Search The Line of Best Fit

21 September 2015, 12:00 | Written by

Last month, while whiling away time between sets and torrential rain showers at the Green Man Festival, I unintentionally happened across something quite special.

The latter half of the Noughties was somewhat of a golden age for high-energy, effortlessly infectious Scandinavian music, from Shout Out Louds to Hjaltalin to Efterklang, but at some point the joie de vivre gave way to ever-paler imitations of The Knife (or worse, Mumford and Sons) and I'd all but lost all interest in the scene. But that afternoon, in a soggy field in the Brecon Brecons, I witnessed an act that recaptured that old Nordic spark, that eschewed pretentiousness for charisma, energy and most of all, great songwriting. That act was Aurora Aksnes.

That performance obviously set the bar high for tonight's headline show at the Hoxton Bar and Kitchen (18th September), but it's clear from the outset that whether surrounded by mountains or encased in some characterless sweatbox in East London, the 19-year old Norwegian knows how to wow an audience. The aesthetic cultivated by her press materials and videos appears to suggest a Soap & Skin vibe, that is, intense, melodramatic and with few moments of lightness to balance the mood. But while many of her songs have a certain melancholic air, Aurora's passionate, animated delivery results in an atmosphere more celebratory than gloomy.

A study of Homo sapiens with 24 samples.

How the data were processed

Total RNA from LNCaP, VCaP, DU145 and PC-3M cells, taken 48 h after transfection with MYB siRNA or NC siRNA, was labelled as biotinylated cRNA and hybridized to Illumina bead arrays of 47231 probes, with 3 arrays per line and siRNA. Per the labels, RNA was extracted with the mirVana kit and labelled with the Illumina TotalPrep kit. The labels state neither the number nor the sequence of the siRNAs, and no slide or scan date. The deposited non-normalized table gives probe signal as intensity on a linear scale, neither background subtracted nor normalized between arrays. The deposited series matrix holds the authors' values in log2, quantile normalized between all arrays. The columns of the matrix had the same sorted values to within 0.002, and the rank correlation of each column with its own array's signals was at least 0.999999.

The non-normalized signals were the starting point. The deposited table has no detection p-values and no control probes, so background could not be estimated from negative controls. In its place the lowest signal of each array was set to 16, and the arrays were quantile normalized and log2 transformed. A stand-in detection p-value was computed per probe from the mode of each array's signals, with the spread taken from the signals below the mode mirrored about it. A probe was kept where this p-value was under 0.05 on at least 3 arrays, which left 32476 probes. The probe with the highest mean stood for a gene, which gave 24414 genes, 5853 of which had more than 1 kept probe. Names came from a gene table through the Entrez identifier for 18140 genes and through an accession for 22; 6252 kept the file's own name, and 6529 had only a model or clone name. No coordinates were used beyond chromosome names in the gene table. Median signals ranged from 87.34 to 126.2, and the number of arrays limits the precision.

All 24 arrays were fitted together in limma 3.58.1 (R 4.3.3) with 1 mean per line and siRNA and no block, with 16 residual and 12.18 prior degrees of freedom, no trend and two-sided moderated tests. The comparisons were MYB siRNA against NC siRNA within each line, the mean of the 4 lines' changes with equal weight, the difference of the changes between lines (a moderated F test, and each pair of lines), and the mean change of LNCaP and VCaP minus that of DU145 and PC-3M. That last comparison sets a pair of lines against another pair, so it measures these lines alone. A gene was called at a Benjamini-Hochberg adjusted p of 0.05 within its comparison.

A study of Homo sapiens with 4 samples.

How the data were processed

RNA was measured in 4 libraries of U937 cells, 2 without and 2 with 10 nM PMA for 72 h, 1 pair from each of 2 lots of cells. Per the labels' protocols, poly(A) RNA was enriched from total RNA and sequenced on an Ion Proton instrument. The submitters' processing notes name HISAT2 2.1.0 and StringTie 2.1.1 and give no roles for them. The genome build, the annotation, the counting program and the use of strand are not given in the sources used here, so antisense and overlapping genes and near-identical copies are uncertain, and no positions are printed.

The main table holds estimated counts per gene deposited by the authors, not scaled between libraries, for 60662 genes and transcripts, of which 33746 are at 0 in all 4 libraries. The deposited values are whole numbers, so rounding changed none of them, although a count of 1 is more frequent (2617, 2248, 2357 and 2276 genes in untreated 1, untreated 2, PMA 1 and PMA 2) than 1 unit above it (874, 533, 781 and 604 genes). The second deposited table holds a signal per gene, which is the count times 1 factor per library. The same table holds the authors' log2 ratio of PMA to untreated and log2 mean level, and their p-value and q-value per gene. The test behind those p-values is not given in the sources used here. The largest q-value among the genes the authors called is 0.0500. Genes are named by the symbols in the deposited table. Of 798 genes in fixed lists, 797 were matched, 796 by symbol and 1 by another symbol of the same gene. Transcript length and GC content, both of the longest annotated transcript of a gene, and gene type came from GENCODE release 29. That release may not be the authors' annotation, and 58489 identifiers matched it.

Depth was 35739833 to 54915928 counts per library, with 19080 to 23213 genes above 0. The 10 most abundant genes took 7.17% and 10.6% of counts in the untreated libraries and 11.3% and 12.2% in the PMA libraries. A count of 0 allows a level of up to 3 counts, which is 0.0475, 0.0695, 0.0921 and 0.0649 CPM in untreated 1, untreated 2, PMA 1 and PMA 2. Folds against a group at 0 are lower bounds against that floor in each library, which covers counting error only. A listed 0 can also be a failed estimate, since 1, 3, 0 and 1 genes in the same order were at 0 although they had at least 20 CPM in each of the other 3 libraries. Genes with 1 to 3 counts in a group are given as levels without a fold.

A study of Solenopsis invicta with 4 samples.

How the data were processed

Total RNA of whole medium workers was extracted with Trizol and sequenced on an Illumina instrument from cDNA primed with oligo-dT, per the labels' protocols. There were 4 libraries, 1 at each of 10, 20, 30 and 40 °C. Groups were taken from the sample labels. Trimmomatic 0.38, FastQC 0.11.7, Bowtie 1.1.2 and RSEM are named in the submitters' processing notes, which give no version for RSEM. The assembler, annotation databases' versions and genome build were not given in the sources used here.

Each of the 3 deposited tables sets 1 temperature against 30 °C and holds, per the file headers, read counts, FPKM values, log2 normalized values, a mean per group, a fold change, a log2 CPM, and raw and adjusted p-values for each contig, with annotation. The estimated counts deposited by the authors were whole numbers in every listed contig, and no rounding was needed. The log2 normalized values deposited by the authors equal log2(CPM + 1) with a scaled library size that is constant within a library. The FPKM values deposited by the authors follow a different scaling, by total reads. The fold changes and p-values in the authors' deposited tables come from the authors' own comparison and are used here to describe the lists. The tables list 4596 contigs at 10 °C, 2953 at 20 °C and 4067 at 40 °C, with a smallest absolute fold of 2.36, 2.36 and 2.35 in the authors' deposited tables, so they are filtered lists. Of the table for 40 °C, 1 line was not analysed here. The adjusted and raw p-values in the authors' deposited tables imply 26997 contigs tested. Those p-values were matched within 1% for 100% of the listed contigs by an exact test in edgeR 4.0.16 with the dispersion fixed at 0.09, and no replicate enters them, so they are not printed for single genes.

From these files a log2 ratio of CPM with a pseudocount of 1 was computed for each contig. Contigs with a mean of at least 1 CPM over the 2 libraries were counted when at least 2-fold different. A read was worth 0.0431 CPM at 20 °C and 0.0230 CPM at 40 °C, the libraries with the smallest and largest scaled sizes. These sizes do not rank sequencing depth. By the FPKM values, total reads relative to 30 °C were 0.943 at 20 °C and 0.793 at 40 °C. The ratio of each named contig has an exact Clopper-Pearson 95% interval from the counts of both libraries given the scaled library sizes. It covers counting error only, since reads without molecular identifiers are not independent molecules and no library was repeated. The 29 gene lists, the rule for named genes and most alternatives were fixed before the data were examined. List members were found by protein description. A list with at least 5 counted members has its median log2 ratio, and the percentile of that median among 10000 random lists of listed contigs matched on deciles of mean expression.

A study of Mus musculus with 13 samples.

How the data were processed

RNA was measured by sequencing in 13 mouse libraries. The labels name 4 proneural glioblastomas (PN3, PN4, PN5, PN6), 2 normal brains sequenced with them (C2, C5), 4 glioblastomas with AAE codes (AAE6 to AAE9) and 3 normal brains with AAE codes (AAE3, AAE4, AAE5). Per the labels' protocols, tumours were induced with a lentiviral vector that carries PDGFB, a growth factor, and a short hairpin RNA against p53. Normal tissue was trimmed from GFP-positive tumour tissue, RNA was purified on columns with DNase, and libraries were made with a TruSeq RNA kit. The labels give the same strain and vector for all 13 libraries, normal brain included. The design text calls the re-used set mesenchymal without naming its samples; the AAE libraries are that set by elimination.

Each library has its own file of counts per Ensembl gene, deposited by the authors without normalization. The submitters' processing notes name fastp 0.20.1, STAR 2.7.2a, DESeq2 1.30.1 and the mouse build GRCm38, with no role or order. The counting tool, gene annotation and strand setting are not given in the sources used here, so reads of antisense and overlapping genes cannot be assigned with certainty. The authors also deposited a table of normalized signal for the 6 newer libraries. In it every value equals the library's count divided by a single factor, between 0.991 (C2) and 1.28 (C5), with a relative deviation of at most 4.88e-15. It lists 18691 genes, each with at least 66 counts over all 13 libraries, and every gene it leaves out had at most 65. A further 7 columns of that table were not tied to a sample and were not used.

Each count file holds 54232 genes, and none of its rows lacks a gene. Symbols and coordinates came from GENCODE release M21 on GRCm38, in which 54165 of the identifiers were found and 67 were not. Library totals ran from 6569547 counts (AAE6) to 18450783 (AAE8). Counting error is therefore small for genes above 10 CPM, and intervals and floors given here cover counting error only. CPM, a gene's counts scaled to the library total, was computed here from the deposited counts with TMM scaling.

The downtempo electropop singalongs "Runaway" and "Running With The Wolves" are already received like bona fide superhits, but everything from the Bjork-ish instrumentation that underpins "Warrior" to the soaring chorus of "Under Stars" suggests a talent that will be playing venues several magnitudes larger than this in the years to come. Her most recent single, the beautiful "Murder Song (5, 4, 3, 2, 1)" marks a change of direction from her hallmark synths to a more acoustic, stripped-down sound, but the highpoint is undoubtedly the irrepressible Scandi-pop of "Conqueror," a song so joyous it wouldn't be out of place in an I'm From Barcelona set.

What's just as striking is how charming a performer she is. Despite having been on tour for a while, and having achieved fame in her home country in the meantime, she nonetheless seems genuinely (and adorably) overwhelmed by the reception she receives. There's a lovely moment during the encore, where she attempts a delicately rendered cover of Bowie's "Life on Mars" and forgets the lyrics. But the crowd cheers her on regardless, and as she reaches the end she high-fives and fist-bumps the entire front row. Indeed, that may well encapsulate why she won my heart at Green Man and once again tonight - in a musical world that takes itself so seriously, Aurora looks like she's having a lot of fun.